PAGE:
San Francisco Giants proving hard to kill


As their National League Division Series paused for breath on Sunday, the Giants were leading the favored Washington Nationals 2-0 in games and in need of just one more victory in the best-of-five series to advance at the expense of a team that many believed was the best in the league.

Strong position

While the Nationals are trying not to panic with their backs against the wall, the Giants, who couldn't catch the Los Angeles Dodgers for first place in the NL West, can sit back with a definite smugness in their smiles, though they would be wise if they didn't. After starting the regular season as just about the hottest team in baseball, the Giants went through some trying times and in mid-September were no lock to reach the playoffs.

Now that they are there, they don’t want to leave. San Francisco has proven it likes October and many of the same characters that brought the club World Series titles in 2010 and 2012 are still in the lineup. The nation has seen many of these faces before when autumn leaves begin to tumble.

The Giants are led by manager Bruce Bochy, the same guy who was the manager for the two crowns. The inimitable Buster Posey manages traffic behind the plate. Hunter Pence, Pablo “Kung-Fu Panda” Sandoval and a few others have been part of the long ride.

Staying Power

Still, since it has happened only once before in post-season history (2005), not much prepares even veteran players for 18-inning, 6 ½-hour games like they experienced to best Washington 2-1 on Saturday.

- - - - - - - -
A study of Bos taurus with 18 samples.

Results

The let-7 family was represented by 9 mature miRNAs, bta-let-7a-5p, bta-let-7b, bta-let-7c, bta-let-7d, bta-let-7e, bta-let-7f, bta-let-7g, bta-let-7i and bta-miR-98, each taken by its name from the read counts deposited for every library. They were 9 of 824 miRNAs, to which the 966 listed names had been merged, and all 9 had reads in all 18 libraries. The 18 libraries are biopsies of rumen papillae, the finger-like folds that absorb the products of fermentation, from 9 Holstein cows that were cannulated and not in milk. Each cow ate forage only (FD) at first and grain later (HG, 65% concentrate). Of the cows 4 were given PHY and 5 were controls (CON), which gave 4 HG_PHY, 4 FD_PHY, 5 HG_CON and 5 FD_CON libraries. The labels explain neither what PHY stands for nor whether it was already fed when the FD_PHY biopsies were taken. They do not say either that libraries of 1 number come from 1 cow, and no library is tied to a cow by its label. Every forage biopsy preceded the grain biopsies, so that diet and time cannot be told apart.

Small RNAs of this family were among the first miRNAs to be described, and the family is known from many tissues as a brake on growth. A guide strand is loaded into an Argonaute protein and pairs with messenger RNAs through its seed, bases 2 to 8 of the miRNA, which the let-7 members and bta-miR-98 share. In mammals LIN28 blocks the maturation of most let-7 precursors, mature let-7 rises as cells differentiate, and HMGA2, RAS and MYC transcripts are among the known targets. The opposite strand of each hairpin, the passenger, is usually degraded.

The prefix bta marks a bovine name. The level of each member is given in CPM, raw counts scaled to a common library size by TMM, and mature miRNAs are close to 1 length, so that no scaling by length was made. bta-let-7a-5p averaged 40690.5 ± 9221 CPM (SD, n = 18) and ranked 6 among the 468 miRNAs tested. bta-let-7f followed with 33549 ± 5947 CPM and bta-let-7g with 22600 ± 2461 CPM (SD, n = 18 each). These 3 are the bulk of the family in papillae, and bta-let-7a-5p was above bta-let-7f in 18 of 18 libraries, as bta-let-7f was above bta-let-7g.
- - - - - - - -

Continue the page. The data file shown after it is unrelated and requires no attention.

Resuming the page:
It was the equal-longest game ever in the post-season, dating back to the World Series start of 1903. It was the longest-ever game in elapsed time. As some noted, the contest was the equivalent of two games and it may have the mental value of two wins for the Giants.


Although many are familiar names from past Octobers, the biggest blows struck in the Giants’ favor this year have come from guys named Brandon.

There is shortstop Brandon Crawford and there is first baseman Brandon Belt, who lived up to his last name by belting the game-winning homer to end the 18-inning Odyssey. As for Crawford, he smacked a grand slam to top the Pittsburgh Pirates to capture the wild-card game earlier in the week, and delivered three hits in the Nationals opener. It should be noted that both Brandons batted in the .240s this season, so they picked unexpected timely times to get hot.

Giants resurgance

The Giants won 88 games in the regular season, the Nationals 96. The Nationals’ starting pitching was supposed to be the best in the business. Giants starting pitching looked iffy.

The remarkable thing about San Francisco’s resurgence is the acquisition and performance of Jake Peavey, a one-time Cy Young Award winner who had worse luck than a poker player trying to overcome a marked deck while with the Boston Red Sox. Then bingo, as soon as he hit the West Coast everything broke his way. Peavey could well win the Series for San Francisco.